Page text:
A lone car driving erratically on a dark, serpentine country road. Two bicyclists peddling home after a late shift at work. The formula for an accident waiting to happen? You bet! But the question remains: who is the driver? That turns out to be the pivotal question in this drama. Well respected, top-notch businessman Richard Medway just happened to be on that road at almost exactly the time of the accident in which a cyclist was struck and killed. But Medway had just been at a party where alcohol flowed like water – and he doesn’t remember anything about that drive home.
From this premise grows the convoluted tale of a man who slowly and steadily begins to question his innocence as the evidence against him inexorably piles up. To this point, his life has been perfect, Medway (David Hunt Stafford) has a loving, supportive wife Laura (Alison Blanchard) and a clever daughter Pamela (Katy Yoder) who is just beginning graduate studies at Oxford. On the very same morning, he received the news that he’s being promoted to CEO of his organization, with all the many perks that entails. His life couldn’t be better – with one small blot which starts to spread and darken his every dream.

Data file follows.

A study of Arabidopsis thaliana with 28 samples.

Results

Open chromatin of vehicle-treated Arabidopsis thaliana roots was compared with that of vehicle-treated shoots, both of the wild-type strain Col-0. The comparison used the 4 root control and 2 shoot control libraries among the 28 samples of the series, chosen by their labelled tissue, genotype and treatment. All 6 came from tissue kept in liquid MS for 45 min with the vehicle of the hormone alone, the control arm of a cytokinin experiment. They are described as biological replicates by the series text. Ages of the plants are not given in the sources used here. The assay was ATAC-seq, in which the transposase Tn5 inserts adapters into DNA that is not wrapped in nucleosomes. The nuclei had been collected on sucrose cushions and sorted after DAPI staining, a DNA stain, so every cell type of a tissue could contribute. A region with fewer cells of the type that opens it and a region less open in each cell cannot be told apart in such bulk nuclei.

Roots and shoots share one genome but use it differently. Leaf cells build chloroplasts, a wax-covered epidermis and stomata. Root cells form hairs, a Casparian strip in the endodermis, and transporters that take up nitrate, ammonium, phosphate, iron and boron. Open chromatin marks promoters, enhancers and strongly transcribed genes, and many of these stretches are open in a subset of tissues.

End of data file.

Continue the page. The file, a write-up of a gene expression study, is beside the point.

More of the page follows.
The talented cast in A SHRED OF EVIDENCE is spot-on in digging into Medway’s moral and ethical dilemma. Is a cover-up the way to handle this? Should he come clean and face the consequences? Playwright R.C. Sherriff’s creative and involving piece is set in the countryside outside of London in 1958. Deserving of special note is Linda Brennan’s assistance with dialects; the actors sound as if they just stepped from the boards of a London theater. Director Jules Aaron finds the right balance in setting out the issues raised in this play. While accepting how serious they are, he still occasionally nudges the audience with his elbow. The tension builds throughout the play, which is relatively long but easily holds the audience’s attention, until the denouement – when an almost audible sigh can be heard in the theater.
Jeff G. Rack’s set design fills the bill for an English countryside manor, while Ric Zimmerman’s lighting and Joseph “Sloe” Slawinski’s sound adds to the overall impression. As always, the production team does a great job of creating an ambiance fitting the play.